The Kraslava District has been called the land of blue lakes. Some of its most notable lakes include: Drīdzis, the deepest lake in Latvia; Velnezers, known as Devil's Lake; and Ežezers, a lake with more than 30 islands, the greatest concentration of islands found in the Baltics.
Kraslava is known for its natural beauty. The nature park Daugavas Loki stretches from Kraslava to Daugavpils, following the ten great bends of the Daugava River between the towns of Naujene and Kraslava. The park's main purpose is to preserve the beautiful landscape and unique wildlife of the Daugava river valley. It is a popular site for walking and cycling, as well as enjoying several cultural attractions. The Dinaburga Castle ruins, Markova castle mound, Adamova castle mound, and the preserved 15th century village of Slutišķi can be found within the park area.
Adjoining the nature park is the city of Kraslava. It is a lovely town, embedded in the alluring green world of the Daugava valley with its forests of dark pine and fir. It began to develop as a town in 1729, under the ownership and patronage of Count Jan Ludwig Plater. The count and his successors, especially his son Konstantin Ludwig Plater, were responsible for Kraslava's growth and industrial development for two centuries thereafter. In 1923, Kraslava finally attained the status of a town.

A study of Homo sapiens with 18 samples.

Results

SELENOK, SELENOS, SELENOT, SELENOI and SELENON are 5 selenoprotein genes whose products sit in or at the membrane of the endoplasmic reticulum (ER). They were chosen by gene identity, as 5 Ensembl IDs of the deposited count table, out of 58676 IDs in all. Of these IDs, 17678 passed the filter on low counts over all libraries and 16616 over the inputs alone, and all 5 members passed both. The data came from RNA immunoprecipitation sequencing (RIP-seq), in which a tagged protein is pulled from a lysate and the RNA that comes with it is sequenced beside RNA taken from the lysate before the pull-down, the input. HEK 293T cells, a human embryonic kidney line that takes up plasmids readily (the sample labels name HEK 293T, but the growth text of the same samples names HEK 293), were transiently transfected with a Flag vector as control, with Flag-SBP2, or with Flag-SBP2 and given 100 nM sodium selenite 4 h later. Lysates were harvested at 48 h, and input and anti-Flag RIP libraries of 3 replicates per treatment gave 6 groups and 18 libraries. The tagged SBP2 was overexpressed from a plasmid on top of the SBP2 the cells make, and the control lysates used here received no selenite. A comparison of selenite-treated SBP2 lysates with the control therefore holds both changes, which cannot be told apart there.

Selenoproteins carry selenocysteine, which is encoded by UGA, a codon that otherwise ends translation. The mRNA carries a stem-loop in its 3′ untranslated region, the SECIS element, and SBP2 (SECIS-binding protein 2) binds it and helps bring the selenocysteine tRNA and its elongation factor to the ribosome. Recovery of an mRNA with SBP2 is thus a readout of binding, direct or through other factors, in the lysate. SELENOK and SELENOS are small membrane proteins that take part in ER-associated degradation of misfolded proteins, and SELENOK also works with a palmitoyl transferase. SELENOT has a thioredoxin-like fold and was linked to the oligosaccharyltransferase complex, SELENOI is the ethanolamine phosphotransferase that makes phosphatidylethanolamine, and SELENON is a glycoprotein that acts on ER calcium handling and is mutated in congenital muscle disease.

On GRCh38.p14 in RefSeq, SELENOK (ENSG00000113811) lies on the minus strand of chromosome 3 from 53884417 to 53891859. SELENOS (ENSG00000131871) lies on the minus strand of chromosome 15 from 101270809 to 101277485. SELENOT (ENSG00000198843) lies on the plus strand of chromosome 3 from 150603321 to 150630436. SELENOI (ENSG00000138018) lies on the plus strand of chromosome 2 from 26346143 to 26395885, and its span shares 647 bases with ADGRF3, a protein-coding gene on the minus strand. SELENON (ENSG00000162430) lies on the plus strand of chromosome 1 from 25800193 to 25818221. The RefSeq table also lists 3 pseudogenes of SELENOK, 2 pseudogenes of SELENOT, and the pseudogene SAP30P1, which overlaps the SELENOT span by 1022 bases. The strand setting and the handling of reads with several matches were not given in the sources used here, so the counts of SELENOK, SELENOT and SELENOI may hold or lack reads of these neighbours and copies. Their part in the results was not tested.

The onset of World War I forced the Plater family out of Kraslava; their direct line was to die out in 1947. But their heritage remains in several of Kraslava's landmarks, such as the Kraslava Catholic Church, New Kraslava Castle, the Jewish synagogue, and the massive Grafs Platers library designed in Baroque style.